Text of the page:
From what I've seen in NYC pizzerias (the "New York slice" guys, not the high end wood-fired oven places, where pizzas bake in 90 seconds), I definitely would go with conveyor ovens for high volume, such as I remember at Buddy's, for consistent bake times if nothing else: you set the conveyor speed for, say, 12 minutes, feed the pans in one end and then they come out at the other in exactly that time. With deck ovens and high volume, where you're putting a pizza in the oven every few seconds, it's really hard to time them; when you have several pizzas in the oven that were put in at different times, you have to keep opening the door and judging visually when a pizza is done.
I wonder if anyone has heard of Singa's Famous Pizza (http://goo.gl/D5X1I), a popular chain in the area, though mostly outside Manhattan. What's unique about them, at least at the location I visited, is that they bake their pizzas in round cake pans and bake them in a deck oven. As I recall, they had only one size pizza.
I am still experimenting with how much time the dough needs to rise in the steel pans using different methods, including using my Hatco Unit to temper some doughs, so I am not really sure of what answer to give you. I can set the Hatco Unit (basically a pizza holding cabinet that can have heat and humidity) to different temperatures, but I still havenít figured out what temperature to do that at either.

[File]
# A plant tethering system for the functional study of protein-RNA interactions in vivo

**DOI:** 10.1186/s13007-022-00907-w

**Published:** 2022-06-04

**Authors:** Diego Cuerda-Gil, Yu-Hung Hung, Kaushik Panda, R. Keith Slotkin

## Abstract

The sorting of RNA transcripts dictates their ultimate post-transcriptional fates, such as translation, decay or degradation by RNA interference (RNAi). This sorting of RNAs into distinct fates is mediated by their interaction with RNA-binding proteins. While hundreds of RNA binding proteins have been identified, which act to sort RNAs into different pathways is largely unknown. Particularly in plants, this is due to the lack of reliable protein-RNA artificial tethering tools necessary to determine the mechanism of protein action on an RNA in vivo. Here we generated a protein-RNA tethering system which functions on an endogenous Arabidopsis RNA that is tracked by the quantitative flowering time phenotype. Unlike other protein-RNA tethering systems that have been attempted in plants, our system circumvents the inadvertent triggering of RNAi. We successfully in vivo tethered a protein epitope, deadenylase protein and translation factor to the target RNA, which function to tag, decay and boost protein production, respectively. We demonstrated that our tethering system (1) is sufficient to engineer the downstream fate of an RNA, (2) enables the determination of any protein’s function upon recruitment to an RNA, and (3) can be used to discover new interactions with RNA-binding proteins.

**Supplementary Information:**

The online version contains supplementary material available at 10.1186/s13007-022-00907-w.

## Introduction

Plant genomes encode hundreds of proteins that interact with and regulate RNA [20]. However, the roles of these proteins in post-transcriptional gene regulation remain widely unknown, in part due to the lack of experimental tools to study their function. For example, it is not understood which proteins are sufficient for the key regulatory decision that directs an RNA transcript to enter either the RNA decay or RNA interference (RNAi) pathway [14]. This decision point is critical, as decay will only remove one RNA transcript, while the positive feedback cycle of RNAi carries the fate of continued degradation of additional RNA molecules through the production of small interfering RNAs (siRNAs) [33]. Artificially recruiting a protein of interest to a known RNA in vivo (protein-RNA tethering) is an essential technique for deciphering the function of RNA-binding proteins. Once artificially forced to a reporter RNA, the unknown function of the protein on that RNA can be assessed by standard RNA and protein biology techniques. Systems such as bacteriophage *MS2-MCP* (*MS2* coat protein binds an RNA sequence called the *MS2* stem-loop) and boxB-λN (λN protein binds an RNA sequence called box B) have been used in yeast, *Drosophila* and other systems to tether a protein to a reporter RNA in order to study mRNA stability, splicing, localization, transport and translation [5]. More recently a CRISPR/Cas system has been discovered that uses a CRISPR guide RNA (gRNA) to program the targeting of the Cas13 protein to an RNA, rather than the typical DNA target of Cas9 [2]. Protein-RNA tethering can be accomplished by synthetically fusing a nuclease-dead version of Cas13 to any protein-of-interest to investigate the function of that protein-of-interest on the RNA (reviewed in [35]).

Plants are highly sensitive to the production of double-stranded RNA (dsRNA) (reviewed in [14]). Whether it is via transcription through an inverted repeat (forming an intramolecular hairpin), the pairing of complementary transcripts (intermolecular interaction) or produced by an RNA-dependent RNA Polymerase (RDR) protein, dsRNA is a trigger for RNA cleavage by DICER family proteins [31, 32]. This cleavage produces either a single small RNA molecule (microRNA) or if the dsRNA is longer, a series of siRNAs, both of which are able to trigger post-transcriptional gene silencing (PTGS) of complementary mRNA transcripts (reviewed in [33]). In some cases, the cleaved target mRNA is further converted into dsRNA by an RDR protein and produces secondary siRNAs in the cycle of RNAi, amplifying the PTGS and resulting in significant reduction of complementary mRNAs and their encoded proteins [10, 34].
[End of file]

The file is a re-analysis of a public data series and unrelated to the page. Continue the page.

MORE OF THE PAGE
At home with the last experiment I did with 1% IDY and a higher final dough temperature it took a shorter amount of time than I thought it would for the dough to temper in the steel pan. I still have a lot of experimenting to do at home and at market. I sure donít have all of this figured out yet.
I agree with you if you can get your dough to rise in the steel pan in an hour, you are doing very well. I also agree with you that it is more efficient using an emergency dough like Buddyís does, than trying to cold ferment a dough like I am trying to do for market. To answer your question about if an overnight dough tastes much better when it is baked, I canít say it does, but for me that might be the way I need to go, instead of trying to make emergency doughs. I am not sure what I am going to do yet. For me the flavors of the melted cheese, or cheeses, caramelized edges, soft and airy texture of the crumb, caramelized edges and crispy bottom crust is what I really like about the Buddyís clone pizzas that turn out right for me.
To answer your question if pizzerias used brick cheese instead of mozzarella for the taste, I would say yes. As I posted before a mild white cheddar and mozzarella blend also give the Buddyís clone pizza almost the same taste as using brick cheese alone. The mild white cheddar does have a higher fat content like brick cheese. I am not sure if the brick cheese purchased though a foodservice is cheaper or not. I am wondering about cheese prices since I saw on the news about milk prices might really be going up. I really donít know what the prices of brick cheese are from a foodservice distributor. I havenít found one yet in my area.
What I am really trying to do is produce an ďold schoolĒ Buddyís pizza like when they baked in a deck oven, but I really donít know how they tasted back then, so really I might not achieve what I want.
Are you planning on selling Buddyís clone pizzas commercially in your area?